California State Route 17

Driving the hazardous California State Route 17

Located in the U.S. State of California, Highway 17 is one of the most dangerous roads in the country. Along the way, it presents drivers a big number of hazards – sharp turns, blind spots, narrow shoulders, changes in speed, and slick highway surfaces after rains or snows.

How long is California State Route 17?

State route 17 is a scenic road that runs through the Santa Cruz mountains. It links San Jose (the largest city in Northern California) and Santa Cruz (on the northern edge of Monterey Bay). State Route 17 (SR 17), commonly known as Highway 17, winds its way through ScottsValley in the south, all the way to Los Gatos and San Jose in the north. The paved road is 26.49 mi (42.63 km) long. 

Is California State Route 17 dangerous?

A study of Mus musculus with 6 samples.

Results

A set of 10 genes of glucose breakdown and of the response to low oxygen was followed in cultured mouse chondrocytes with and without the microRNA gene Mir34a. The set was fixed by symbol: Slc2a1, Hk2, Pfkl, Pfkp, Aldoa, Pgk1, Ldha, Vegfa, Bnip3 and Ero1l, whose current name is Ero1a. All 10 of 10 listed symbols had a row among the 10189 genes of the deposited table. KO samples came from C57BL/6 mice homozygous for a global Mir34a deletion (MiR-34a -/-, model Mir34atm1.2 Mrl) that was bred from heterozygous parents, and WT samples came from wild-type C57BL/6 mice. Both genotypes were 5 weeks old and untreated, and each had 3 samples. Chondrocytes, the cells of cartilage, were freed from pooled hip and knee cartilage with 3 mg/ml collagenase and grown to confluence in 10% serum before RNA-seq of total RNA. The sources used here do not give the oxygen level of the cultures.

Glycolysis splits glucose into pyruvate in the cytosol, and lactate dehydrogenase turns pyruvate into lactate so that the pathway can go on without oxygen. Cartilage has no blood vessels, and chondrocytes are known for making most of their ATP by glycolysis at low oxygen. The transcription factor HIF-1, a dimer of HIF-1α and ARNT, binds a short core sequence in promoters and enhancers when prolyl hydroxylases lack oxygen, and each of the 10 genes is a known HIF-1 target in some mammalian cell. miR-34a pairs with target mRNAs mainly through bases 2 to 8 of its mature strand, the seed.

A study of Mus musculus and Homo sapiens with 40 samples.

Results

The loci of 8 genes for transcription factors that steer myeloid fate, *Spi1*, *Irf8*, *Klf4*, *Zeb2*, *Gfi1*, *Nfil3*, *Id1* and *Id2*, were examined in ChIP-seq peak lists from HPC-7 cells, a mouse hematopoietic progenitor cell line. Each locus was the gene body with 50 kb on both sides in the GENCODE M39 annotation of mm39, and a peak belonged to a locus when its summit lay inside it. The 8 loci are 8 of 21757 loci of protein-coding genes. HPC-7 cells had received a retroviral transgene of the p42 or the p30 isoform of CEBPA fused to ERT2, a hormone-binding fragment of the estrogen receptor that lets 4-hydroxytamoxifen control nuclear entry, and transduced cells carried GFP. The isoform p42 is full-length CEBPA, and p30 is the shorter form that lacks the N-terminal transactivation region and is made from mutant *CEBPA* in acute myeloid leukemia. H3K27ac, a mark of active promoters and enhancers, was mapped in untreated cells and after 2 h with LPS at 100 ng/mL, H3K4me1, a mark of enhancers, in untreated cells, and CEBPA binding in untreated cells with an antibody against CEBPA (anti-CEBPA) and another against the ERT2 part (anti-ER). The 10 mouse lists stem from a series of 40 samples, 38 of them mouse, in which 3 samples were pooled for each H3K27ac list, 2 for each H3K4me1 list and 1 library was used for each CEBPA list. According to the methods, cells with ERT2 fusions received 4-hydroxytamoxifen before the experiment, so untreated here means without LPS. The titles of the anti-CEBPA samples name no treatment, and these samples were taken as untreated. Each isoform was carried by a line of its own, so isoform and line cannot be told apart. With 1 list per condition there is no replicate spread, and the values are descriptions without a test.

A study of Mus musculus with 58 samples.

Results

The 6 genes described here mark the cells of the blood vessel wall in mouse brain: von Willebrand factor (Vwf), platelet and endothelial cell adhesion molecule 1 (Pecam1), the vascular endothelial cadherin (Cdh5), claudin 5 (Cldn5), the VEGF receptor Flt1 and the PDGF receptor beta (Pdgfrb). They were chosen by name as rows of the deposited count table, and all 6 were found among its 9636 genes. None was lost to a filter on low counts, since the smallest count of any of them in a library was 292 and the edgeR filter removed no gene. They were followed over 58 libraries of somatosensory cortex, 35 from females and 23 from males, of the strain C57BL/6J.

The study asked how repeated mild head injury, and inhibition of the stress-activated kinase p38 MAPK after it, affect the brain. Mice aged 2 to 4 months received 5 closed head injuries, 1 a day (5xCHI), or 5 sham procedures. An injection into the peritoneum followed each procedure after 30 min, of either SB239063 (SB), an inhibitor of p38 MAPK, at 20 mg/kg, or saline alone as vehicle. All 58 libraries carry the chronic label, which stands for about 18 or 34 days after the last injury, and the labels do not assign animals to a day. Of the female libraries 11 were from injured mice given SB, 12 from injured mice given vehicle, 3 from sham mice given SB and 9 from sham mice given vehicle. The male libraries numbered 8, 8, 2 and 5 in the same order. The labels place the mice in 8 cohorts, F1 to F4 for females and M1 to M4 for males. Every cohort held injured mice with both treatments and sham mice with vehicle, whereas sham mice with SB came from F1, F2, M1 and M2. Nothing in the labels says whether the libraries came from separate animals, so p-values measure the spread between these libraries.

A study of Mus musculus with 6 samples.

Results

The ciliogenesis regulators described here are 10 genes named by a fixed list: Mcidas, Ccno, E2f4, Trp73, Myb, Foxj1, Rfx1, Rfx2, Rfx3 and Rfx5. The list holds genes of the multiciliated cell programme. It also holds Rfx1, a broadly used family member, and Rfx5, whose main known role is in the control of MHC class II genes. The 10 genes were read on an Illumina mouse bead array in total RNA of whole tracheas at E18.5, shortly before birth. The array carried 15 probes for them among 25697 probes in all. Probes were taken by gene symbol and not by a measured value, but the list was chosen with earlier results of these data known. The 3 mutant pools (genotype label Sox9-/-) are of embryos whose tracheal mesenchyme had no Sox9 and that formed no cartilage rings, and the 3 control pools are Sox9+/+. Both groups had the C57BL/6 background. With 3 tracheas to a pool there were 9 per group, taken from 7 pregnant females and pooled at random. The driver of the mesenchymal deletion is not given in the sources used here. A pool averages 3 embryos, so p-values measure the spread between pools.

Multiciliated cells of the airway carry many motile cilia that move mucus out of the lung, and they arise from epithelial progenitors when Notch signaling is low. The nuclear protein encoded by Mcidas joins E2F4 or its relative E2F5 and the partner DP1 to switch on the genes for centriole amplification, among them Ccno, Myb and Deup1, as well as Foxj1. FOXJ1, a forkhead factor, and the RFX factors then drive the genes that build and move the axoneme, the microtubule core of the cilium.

The road was built in the 1930’s. The narrow lanes and dangerously tight curves of the route have earned it ominous nicknames like “Killer 17” and “Blood Alley”. It’s particularly dangerous because of the number of sharp curves, blind curves, and sudden changes in speed along the road. As a result, drivers sometimes have difficulty negotiating unexpected sharp turns and careen off the median divider along the road. Numerous accidents have occurred on this route due to sharp turns, blind curves, heavy traffic, and occasional animals wandering around. In the winter months, because SR 17 crosses a high precipitation area in the Santa Cruz Mountains, the roadway can become slippery from rain, snow or ice, especially at the summit. Depending on the time of year, road conditions are made even more hazardous by rain, fog, and snow. As a result, when a car hits the median and spins out of control it often involves other cars resulting in multi-car serious accidents.